Introduced by John Sampson, her collaborator for the afternoon, Carol Ann Duffy is heralded as “the first woman, the first Scot, and the first openly LGBT person” to hold the position of poet laureate. Over the course of an hour, the audience are treated to a selection of Duffy’s best poetry, accompanied by Sampson’s soothing musical moments.
There are no bells and whistles to the show – everything comes down to the intrinsic talent of the two performers. They are both understated, humble and funny in the interspersed moments of conversation.
The poems that Duffy has chosen for the afternoon are particularly enhanced by the poet’s own voice. Her delivery is comedic when necessary, and adds emotion to some of her more personal poems. Starting with pieces from The World’s Wife, she then moves on to her collection of love poems, Rapture. Finally, she shares with the audience some of her poetry inspired by events that have affected her, including the now infamous ‘Mrs Schofield’.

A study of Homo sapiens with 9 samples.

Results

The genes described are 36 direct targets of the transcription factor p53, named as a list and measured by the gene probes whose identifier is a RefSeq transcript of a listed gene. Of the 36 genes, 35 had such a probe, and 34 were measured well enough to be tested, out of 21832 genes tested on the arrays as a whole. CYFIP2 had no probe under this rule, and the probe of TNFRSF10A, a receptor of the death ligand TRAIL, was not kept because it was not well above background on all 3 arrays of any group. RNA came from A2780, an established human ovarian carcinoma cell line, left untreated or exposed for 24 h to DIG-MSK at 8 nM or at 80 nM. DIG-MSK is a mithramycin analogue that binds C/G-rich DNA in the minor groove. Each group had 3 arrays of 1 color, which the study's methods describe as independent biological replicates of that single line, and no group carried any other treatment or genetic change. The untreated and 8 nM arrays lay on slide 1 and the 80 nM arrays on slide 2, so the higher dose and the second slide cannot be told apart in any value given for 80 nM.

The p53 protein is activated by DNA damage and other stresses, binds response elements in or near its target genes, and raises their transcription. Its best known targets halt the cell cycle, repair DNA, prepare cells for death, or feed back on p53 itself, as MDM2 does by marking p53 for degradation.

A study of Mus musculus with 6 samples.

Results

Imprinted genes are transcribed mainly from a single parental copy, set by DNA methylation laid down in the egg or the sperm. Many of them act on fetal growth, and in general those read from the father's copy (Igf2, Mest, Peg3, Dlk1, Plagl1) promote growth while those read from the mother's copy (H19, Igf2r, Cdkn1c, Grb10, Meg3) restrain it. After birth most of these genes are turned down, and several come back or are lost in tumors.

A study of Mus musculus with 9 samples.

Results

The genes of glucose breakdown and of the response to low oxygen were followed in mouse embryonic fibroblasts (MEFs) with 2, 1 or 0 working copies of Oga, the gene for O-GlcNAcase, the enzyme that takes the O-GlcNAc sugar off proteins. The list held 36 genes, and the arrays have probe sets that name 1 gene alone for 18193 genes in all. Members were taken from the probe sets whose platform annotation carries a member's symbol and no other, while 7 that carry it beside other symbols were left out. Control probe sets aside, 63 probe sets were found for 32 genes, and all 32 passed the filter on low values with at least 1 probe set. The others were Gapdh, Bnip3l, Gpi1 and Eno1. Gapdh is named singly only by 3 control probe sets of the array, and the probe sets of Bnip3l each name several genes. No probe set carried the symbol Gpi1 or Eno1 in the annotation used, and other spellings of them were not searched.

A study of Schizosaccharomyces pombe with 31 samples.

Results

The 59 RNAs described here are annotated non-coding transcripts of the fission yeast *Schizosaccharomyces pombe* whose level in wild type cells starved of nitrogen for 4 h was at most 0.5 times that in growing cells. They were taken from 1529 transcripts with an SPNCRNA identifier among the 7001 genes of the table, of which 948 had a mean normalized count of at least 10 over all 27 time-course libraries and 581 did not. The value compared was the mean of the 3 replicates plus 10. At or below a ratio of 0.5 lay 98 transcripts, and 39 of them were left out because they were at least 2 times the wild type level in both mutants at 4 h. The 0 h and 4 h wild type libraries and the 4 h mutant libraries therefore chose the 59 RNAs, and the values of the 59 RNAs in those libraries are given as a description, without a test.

Preceding certain poems with explanations of the conditions under which they were written and adding context to others, it is an honour to be able to hear the poet’s perspective on her writing. It is particularly interesting to have her poems from The World’s Wife contextualised and to hear why she picked certain characters from the wide array of male protagonists at her disposal.
The most enjoyable parts of the show come when Duffy’s words and Sampson’s music come together to complement the other. There is a real connection between the two. However, this leaves the times when the artists perform separately seeming disjointed. The music and the poetry work amazingly well together, but on their own the presence of another performer on stage seems odd. It is a shame that the two art forms do not come together more often throughout the hour.